Dante's Inferno Questions and Answers
by Dante Alighieri


Dante's purpose in writing Inferno was primarily to air his political views to as wide an audience as possible. Therefore he wrote the poem not only with an epic structure but in the Tuscany dialect.


At the time, Florence had split into two political factions: the black Guelphs who supported the papacy and the all-encompassing power of the pope, and the white Guelphs, of which Dante was one of the leaders, who wanted the Pope to have less influence. The pope at the time, Pope Boniface VIII, was not only known for interfering in the conflicts of other countries, but also for inflicting acts of sudden violence.

After much toing and froing, the black Guelphs finally took power and Dante was exiled from the city of Florence.

Therefore many of the people he has punished in in the Inferno are his political rivals. For example, in the eighth circle of hell, he punishes members of the Catholic church for Simony (profiting from their high position in the Catholic Church)...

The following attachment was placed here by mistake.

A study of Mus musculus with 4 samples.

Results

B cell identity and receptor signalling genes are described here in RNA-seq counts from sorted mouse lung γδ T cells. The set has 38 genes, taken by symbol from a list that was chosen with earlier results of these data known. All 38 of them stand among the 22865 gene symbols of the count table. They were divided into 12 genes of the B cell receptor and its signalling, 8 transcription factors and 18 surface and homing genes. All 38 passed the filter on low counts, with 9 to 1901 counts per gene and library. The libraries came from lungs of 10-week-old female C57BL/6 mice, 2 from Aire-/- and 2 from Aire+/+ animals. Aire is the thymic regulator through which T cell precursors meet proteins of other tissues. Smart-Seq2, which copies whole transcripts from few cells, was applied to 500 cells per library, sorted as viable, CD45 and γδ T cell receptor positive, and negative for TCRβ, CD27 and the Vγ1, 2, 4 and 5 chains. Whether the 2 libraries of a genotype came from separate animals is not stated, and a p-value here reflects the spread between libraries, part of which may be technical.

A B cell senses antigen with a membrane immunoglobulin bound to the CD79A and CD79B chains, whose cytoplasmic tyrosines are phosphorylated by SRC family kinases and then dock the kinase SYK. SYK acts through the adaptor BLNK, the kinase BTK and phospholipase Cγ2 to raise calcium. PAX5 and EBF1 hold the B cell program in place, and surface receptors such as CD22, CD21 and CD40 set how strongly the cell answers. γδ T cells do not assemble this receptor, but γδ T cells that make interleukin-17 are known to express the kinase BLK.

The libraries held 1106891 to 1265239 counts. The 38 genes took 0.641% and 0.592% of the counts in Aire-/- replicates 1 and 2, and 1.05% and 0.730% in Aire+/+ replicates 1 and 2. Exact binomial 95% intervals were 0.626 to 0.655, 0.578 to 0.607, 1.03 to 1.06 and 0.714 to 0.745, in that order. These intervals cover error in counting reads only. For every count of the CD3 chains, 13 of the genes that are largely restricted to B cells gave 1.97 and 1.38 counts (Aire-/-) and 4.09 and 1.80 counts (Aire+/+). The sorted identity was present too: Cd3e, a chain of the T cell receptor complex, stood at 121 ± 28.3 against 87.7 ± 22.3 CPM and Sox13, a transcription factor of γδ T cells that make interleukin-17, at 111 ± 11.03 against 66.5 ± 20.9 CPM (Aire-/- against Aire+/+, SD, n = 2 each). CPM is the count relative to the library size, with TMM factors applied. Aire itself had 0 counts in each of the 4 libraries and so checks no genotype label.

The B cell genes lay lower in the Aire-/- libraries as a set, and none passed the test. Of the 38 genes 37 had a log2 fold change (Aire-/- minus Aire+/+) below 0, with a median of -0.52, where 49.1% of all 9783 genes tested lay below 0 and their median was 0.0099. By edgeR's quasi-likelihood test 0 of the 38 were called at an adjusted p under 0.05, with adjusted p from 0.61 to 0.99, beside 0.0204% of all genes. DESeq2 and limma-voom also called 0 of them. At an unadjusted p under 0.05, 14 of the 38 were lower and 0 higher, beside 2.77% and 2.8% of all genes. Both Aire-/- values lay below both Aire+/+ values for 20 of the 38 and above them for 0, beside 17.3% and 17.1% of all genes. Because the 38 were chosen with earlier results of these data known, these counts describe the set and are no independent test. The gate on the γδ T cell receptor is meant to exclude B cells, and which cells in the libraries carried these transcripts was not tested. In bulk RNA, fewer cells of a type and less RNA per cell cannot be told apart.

The purpose of Dante's The Devine Comedy was to act as a critique of Italian government at the time. The Inferno is the first of three parts of The Devine Comedy and is intended to display sin in a revolutionary new way, hierarchically. Dante, through his portrayal of the nine circles in Hell, conveys the different sins punishable by an eternity of hell while also ranking them in severity. Dante the pilgrim (the character in the story) witnesses these sins, and their related punishments, and judges them with reason and sympathy. This represents the Italian governing style of the time (controlled mostly by the Church), which was one of growing leniency to the Christian followers. But along his way through Hell, Dante comes to realize that sins are punished by God and that this is "right". This is the initial critique, representing his feelings toward the sin of the Church controlled government and their followers. That sins will be punished by God without remorse, and the only way to not be punished is to commit to a life of God by returning to Christian values. The important thing to take away is that the Church was developing it's own set of what are sins, and how they will be punished. Dante, in essence, says NO! We need to return to core Christian beliefs and values, and in his Inferno gives a very descriptive representation of what will happen if not.